Wed | Dec 2, 2020

Tougher laws needed to cramp ‘sextortion’

Published:Monday | July 29, 2019 | 12:00 AMLynford Simpson/Gleaner Writer
Blaine

Convenor of the lobby group Hear The Children’s Cry Betty-Ann Blaine wants tougher laws to make it easier to go after ‘sextortionists’ who prey on the nation’s children.

Sextortion is the practice of extorting money or sexual favours from someone by threatening to reveal evidence of that person’s sexual activity. In the case of children, adults may threaten to post sexually explicit photographs or messages over the Internet as a demand for money or sexual favours.

Blaine, whose organisation works with families of missing children, noted that the advancement in technology, in particular the increasing use of the Internet, has caused children to become easy targets for sexual predators.

“It’s really child pornography, and the children are totally unaware of the dangers involved,” Blaine said.

The Child Pornography Prevention Act makes it criminal to possess and or distribute visual representations or audio recordings of children engaged in sexual activity or an image that depicts a child in a sexual context.

Section 9 of the Cybercrime Act also criminalises the sending of data that is obscene or menacing to a person (whether a child or adult).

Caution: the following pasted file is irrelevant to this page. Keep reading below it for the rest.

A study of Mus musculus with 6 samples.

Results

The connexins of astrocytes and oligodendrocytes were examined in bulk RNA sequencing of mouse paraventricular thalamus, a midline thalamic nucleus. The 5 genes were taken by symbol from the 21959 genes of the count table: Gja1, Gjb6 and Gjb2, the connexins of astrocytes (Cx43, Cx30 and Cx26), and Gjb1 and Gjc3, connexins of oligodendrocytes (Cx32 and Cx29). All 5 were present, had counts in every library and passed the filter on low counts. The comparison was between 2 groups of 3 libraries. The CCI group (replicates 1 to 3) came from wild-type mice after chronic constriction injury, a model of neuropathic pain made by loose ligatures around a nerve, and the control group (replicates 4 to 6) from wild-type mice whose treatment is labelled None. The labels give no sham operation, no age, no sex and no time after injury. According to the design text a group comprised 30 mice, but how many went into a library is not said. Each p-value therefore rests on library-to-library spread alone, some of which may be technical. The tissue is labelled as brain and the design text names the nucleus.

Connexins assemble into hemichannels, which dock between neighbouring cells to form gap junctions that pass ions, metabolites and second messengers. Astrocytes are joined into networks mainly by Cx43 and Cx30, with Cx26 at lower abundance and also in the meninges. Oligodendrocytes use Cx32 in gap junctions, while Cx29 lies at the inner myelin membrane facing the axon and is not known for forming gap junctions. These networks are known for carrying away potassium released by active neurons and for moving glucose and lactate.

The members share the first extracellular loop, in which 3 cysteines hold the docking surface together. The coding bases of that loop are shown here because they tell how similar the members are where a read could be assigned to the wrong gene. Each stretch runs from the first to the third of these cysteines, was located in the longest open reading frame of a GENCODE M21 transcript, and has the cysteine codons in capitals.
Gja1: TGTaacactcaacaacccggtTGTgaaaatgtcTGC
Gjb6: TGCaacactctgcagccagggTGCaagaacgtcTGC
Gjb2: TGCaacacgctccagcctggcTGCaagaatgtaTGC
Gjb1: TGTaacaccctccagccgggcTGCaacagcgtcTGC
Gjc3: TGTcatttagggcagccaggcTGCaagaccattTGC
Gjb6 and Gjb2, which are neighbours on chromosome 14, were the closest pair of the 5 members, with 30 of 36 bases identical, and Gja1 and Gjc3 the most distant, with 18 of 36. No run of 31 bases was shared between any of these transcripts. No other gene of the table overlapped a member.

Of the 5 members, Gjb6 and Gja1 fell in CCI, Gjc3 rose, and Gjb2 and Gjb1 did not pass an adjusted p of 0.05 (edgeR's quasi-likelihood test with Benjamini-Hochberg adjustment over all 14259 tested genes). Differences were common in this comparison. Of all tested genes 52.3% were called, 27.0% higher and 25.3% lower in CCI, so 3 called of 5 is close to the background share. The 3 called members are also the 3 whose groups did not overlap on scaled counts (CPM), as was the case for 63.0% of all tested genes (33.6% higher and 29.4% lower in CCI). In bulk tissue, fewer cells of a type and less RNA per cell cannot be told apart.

Amid claims that parents are often reluctant to file reports, the police were not immediately able to say how many attempts at sextortion, if any, have been filed.

But Blaine said that her staff has been receiving reports from parents about attempts being made by unscrupulous persons to either lure their underage children via the Internet or otherwise engage them in inappropriate activity.

“The possible negative influence of the technology on children is a growing concern. There is no doubt that children have unparalleled access to the Internet, to social media,” said Blaine. “They know a lot more about the Internet and social media than their parents.”

At the same time, Blaine said that parents are losing the ability to supervise their children as far as the Internet is concerned.

“The question for advocates now is whether the bad is now outweighing the good where children are concerned because when you look at the spread of child pornography, children who are being lured away by predators, being sexually assaulted and murdered, many of these tragedies are being driven by the Internet and the fact that children now have unparalleled access without parental guidance and control,” Blaine lamented.

The Hear The Children’s Cry founder believes that pressure should be brought to bear on the country’s lawmakers for them to take action.

Blaine said that while there is need for tougher laws to protect children, the Government should move to invest money in a major public-education campaign to raise awareness about child safety.

“We must find the money to do it because our children are being endangered and our parents are crying out for help. They are ringing their hands not knowing what to do.”